By Don McAlavy: Freedom Columnist
Old-Time music is very much alive. But you won’t hear it on “country” radio. There is another Nashville, with a kind of music so distant from what the city’s commercial center cranks out as to be from a different planet.
It thrives in the community’s nooks and crannies like a cluster of quietly smiling mountain wildflowers in the shadow of those cultivated hothouse blooms that flaunt their colors on radio stations from coast to coast.
The soundtrack for “O Brother, Where Art Thou?” — indeed the film itself — celebrates this gentle music.
Writer/Directors Joel and Ethan Coen call it “folk music.” Eric Fellner, the film’s producer, calls it “bluegrass music.” Terms such as “roots” and “Southern vernacular” are bandied about to describe it.
But what this seemingly ethnic south is, is “country music.” Or at least it was before the infidels of Music Row expropriated that term to describe water-down pop/rock with greeting-card lyrics.
This original country sound first flowered during the Depression, the era that frames “O Brother, Where Art Thou?” It was fertilized by blues, gospel, string-band hoe-downs, Appalachian balladry, work songs and vaudeville hokum.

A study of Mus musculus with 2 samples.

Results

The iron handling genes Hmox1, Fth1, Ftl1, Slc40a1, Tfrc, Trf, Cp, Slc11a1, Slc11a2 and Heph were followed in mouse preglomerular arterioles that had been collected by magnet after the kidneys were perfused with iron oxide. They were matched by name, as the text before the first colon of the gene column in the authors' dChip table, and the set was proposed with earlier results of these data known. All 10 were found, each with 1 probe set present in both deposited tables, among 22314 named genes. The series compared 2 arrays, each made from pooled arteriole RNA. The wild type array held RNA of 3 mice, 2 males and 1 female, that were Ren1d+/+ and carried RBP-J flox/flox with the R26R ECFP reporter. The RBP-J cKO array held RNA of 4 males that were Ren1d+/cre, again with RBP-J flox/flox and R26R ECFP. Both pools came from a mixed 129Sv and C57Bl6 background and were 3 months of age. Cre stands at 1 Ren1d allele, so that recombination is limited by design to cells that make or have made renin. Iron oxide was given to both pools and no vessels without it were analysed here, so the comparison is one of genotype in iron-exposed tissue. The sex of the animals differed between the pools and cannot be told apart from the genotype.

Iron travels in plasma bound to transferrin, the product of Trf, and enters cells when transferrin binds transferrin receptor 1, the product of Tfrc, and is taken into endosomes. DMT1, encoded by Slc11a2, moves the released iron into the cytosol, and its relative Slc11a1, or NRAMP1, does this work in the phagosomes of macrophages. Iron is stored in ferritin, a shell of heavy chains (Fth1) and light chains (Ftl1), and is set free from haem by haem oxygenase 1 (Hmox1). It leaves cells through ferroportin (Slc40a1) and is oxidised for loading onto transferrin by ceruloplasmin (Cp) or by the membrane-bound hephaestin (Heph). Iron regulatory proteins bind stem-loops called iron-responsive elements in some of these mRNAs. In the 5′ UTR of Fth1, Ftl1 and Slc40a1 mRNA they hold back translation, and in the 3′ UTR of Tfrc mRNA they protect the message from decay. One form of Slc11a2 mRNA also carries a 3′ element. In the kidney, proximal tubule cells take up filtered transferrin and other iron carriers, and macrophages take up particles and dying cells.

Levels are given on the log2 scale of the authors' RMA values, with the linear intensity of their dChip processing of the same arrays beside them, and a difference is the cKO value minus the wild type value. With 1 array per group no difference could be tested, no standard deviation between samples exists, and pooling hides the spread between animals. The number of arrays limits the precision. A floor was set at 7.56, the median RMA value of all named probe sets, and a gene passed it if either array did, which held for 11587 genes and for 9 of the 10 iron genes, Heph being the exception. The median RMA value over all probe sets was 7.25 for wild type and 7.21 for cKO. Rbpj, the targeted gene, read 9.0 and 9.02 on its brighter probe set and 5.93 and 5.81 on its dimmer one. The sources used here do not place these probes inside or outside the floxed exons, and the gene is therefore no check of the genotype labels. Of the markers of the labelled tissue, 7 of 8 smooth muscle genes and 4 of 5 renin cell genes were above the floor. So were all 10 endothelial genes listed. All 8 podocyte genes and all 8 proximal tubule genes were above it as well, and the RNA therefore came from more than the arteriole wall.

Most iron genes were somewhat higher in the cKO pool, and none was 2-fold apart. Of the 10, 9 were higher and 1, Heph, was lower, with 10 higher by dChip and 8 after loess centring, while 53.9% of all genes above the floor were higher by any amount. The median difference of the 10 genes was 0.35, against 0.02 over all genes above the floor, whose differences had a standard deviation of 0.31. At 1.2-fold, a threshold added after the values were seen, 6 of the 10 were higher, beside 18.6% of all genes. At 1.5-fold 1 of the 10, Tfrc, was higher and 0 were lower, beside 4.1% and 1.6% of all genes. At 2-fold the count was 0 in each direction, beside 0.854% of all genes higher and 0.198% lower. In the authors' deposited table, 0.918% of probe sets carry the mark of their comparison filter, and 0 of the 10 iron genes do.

Its practitioners were small-time entertainers, who led itinerant lives as they traveled from one schoolhouse show to the next, from one radio “barn dance” to the next, from one makeshift recording studio to another.
Despite the hard economic times, record companies and radio stations discovered an enormous hunger for the homey sounds of The Carter Family, the rowdy blues of Jimmie Rodgers, the saucy humor of Uncle Dave Macon, the dazzling fiddle of Arthur Smith and the scintillating blues moans of countless slide guitarists, harmonica men and jug-band songsters.
That hunger for emotional truth gave us our multi-million dollar music industry.
The razzmatazz of western swing, the whipped-dog whine of honky-tonk music, the creamy crooning of singing cowboys, the itchy-pants yelp of rockabilly and the suburban gleam of The Nashville Sound seemed to drown out the innocence of this rustic, acoustic kind of country.
But it has survived.
Now called “old time music,” this style thrives at the more than 500 bluegrass festivals, fiddle contests and folk gatherings that are staged every year in America. It is recorded or performed by young people virtually every night in Music City, U.S.A.
You won’t hear it on “Country Radio. And it flies beneath the commercial radar of most record shops.
So, for those whose musical tastes are shaped by the great, gray behemoth that is the modern entertainment business, this music does sound obscure. Even exotic.
It was that sound the Coen Brothers and record producer T. Bone Burnett came in search on a scouting trip to Tennessee’s capital city in the spring of 1999. With the help of Denise Stiff and Gillian Welch they found a troupe of people eager to recreate the ethos of the 1930s.